Ratzinger and Guéranger on the silent Canon

One of the most noticeable differences between the new rite of Mass and the old rite, especially for those who attend the old rite for the first time, is that many of the prayers we are accustomed to hearing aloud, are said silently - particularly the Canon of the Mass. In The Spirit of the Liturgy (1999), the then Cardinal Ratzinger said:
It really is not true that reciting the whole Eucharistic Prayer our loud and without interruptions is a prerequisite for the paricipation of everyone in this central act of the Mass.
He had suggested, in 1978, that the priest might say the first words of the various prayers out loud so that each person could, in his silent prayer, bring his personal prayer into the communal prayer and the communal prayer into his personal prayer. (He notes that this suggestion annoyed many liturgists.) He went on to say,
Anyone who has experienced a church united in the silent praying of the Canon will know what a really filled silence is. It is at once a loud and penetrating cry to God and a Spirit-filled act of prayer. Here everyone does pray the Canon together, albeit in a bond with the special task of the priestly ministry.
Guéranger in his On the Holy Mass, reported a historical anecdote related to the silent Canon.
In the seventeenth century the Jansenist heretics tried to introduce the abuse of reciting the Canon of the Mass aloud. Deceived by their tricks, Cardinal de Bissy, one of the successors of Bossuet, countenanced the admission of "R." in red type, into the Missal which he had composed for his Church, as the French Bishops of that day imagined they had a right to do. These "R." in red would naturally convey the idea that the people were supposed to respond the Amen thus marked. Now they can only respond to Prayers that can be heard. Hence would necessarily follow, at last, the recitation of the Canon aloud, by the Priest, which was the very thing aimed at by these Jansenists. But happily, public attention was quickly drawn to this dangerous innovation, loud complaints were raised against it, and Cardinal de Bissy himself withdrew the unfortunate step he had taken.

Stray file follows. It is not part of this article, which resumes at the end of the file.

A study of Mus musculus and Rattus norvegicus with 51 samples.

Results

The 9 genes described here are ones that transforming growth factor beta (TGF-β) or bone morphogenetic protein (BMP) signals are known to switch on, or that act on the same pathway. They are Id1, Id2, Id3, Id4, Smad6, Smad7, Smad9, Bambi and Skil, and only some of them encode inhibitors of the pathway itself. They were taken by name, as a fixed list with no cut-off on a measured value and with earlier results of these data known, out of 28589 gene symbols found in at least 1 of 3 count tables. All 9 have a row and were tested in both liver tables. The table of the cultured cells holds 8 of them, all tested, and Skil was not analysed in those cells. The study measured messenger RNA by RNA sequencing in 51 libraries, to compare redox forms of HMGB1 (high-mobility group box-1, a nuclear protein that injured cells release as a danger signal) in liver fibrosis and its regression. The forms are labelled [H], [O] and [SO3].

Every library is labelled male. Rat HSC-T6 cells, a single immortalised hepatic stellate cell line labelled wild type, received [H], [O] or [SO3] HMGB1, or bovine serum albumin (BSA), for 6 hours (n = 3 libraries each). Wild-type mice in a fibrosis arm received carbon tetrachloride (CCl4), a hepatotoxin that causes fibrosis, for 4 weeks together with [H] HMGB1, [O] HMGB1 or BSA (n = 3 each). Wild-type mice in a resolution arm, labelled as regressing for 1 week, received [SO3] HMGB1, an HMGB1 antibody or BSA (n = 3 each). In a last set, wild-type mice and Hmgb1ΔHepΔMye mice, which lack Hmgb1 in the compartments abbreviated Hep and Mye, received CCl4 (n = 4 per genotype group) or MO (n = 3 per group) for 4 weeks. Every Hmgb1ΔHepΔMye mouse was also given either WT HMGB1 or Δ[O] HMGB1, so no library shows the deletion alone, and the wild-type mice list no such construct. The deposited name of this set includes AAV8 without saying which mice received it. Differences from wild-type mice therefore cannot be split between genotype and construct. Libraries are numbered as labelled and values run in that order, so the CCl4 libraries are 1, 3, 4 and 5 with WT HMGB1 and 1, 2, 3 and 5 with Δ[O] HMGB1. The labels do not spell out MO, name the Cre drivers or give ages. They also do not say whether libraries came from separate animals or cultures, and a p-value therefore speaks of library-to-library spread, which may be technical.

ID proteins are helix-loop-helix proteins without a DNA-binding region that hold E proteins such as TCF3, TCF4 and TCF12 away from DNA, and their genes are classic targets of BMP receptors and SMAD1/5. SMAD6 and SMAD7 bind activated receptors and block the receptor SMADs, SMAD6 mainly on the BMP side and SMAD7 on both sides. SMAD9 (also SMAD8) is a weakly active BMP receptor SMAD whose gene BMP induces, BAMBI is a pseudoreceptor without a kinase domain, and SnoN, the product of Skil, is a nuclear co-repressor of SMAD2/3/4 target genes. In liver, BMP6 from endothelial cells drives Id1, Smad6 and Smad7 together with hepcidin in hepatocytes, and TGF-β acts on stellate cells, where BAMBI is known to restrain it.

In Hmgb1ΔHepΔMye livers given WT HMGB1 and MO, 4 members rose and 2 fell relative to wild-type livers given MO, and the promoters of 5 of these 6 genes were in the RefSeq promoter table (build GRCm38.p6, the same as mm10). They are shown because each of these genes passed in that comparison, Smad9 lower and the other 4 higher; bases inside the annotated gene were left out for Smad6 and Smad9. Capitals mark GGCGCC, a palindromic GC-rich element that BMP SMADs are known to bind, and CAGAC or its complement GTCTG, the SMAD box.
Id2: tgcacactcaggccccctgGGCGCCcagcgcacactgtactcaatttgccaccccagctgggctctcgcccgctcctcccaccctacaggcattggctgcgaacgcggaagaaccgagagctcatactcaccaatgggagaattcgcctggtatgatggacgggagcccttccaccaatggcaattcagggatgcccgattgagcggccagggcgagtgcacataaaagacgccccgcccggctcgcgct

Guéranger's thought on this matter was not limited to the observance of liturgical law or the avoidance of being associated with something Jansenists desired. (Incidentally, it would be interesting to find out exactly why the Jansenists sought this innovation.) Commenting on the texts of the Mass, after the Sanctus, he wrote:
After these words, commences the Canon, that mysterious prayer in the midst of which heaven bows down to earth, and God descents unto us. The voice of the Priest is no longer heard: yea even at the Altar, all is silence. It was thus, says the Book of Wisdom, in the quiet of silence, and while the night was in the midst of her course, that the Almighty Word came down from his royal throne (Wisd. xviii. 14, 15). Let us await him in a like silence, and respectfully fix our eyes on what the Priest does in the holy place.
I have before suggested that liturgical reform in the present time would be more effectively accomplished by giving permission for traditional practices than by issuing condemnations of abuses. To be sure, the latter are important: even if they are widely ignored, orthodox priests at least have an authoritative source to appeal to. But if they were given permission to celebrate Mass saying the Canon silently, it would be an opportunity to introduce people in a striking way to the idea of genuine participation as something for which external activity is neither necessary nor sufficient.